Jason, you bitch


A new history of the popular Friday the 13th horror franchise reveals why the movies have struck a chord--and also what's queer about them

One might wonder what's gay about the Friday the 13th series, and the answer would be "Friday the 13th Part 7: The New Blood," at least according to Peter Bracke's Crystal Lake Memories: The Complete History of Friday the 13th (Sparkplug Press, $39.95). In this gorgeous, encyclopedic coffee-table book, gay author-editor Bracke digs deeper into the horror genre's most successful franchise than Mutual of Omaha's Wild Kingdom's Marlin Perkins exploring a next of prairie dogs. For instance, gay actor (and now writer-director) Bill Butler recounts to Bracke the exploits of F13: 7's other gay cast members Kevin Spiritas, Craig Thomas, and Jeff Bennett. (Of course, I won't spoil the good gossip here--buy the book!)

But to dwell on the few choice gay tidbits would be to ignore the main draw of this book, which is the overwhelming amount of information contained therein. At over 300 pages, this meticulously researched tome literally covers every base of the 11 films and one TV series. There are over 200 interviews here--with actors, directors, writers, special effects artists, editors, producers, even that one girl who got stabbed in the neck while eating a banana in Friday the 13th Part 4: The Final Chapter. (It was Bonnie Hellman.)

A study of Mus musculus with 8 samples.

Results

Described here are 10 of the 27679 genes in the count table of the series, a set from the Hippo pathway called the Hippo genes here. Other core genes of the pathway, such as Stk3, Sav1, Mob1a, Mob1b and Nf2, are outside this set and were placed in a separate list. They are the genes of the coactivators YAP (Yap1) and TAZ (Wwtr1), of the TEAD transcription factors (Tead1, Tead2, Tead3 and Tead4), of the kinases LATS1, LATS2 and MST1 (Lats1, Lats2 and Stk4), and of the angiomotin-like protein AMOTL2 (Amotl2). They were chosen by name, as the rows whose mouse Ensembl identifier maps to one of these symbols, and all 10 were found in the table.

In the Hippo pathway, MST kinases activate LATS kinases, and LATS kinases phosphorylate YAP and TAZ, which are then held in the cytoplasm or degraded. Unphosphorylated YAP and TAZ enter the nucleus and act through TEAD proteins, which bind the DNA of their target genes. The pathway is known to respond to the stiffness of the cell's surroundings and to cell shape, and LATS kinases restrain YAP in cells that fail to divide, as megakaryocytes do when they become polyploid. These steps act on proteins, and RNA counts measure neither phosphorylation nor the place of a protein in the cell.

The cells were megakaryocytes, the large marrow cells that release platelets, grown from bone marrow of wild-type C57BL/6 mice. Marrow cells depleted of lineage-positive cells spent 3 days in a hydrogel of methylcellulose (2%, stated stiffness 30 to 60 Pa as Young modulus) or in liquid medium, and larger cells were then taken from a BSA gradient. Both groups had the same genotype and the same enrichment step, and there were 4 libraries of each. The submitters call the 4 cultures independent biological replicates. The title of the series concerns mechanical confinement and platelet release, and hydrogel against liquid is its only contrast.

And pictures? We got pictures. With at least one photo on every page, there are almost 1,000 film stills and behind-the-scenes photos, most in full color. This book is so heavy in both content and actual poundage, it could be used as a bludgeon if you felt the need to take out a camp counselor or two.

If you like dish, you'll have a steaming plate full of bloody tidbits. In each chapter the reader is walked through preproduction, production, and finally the aftermath of one film, all in first-person narrative from the people involved. Whatever his interview technique, Bracke convinces all of his subjects to open up and get honest, almost to a fault. As you read the book you'll realize that all is not rosy at Camp Crystal Lake--there is seemingly no conflict, whether it's over bad catering or being cheated out of credit and money or on-set romances, that isn't examined in excruciating detail by multiple perspectives.

Coffee-table books are far too often vanity projects, seemingly created so the subject or author can say, "Look! This book is about me!" and hand them out as Christmas gifts. But to call Crystal Lake Memories a vanity project would do it a grave disservice. Bracke realized at a late-night screening of Friday the 13th 3: 3-D that there were no books dedicated to the meat of the F13 film series, and he set out to change that, not realizing it would take three years and the loss of his day job to do it.

Crystal Lake Memories sets the bar rather high for anyone contemplating, say, a Halloween or Nightmare on Elm Street equivalent. The author's obvious love of the subject matter and the beautiful production values make this the book to beat in the genre of film tie-ins. This hardcover edition is being printed in a limited run, so get one fast or be left without adequate protection on your next camping trip.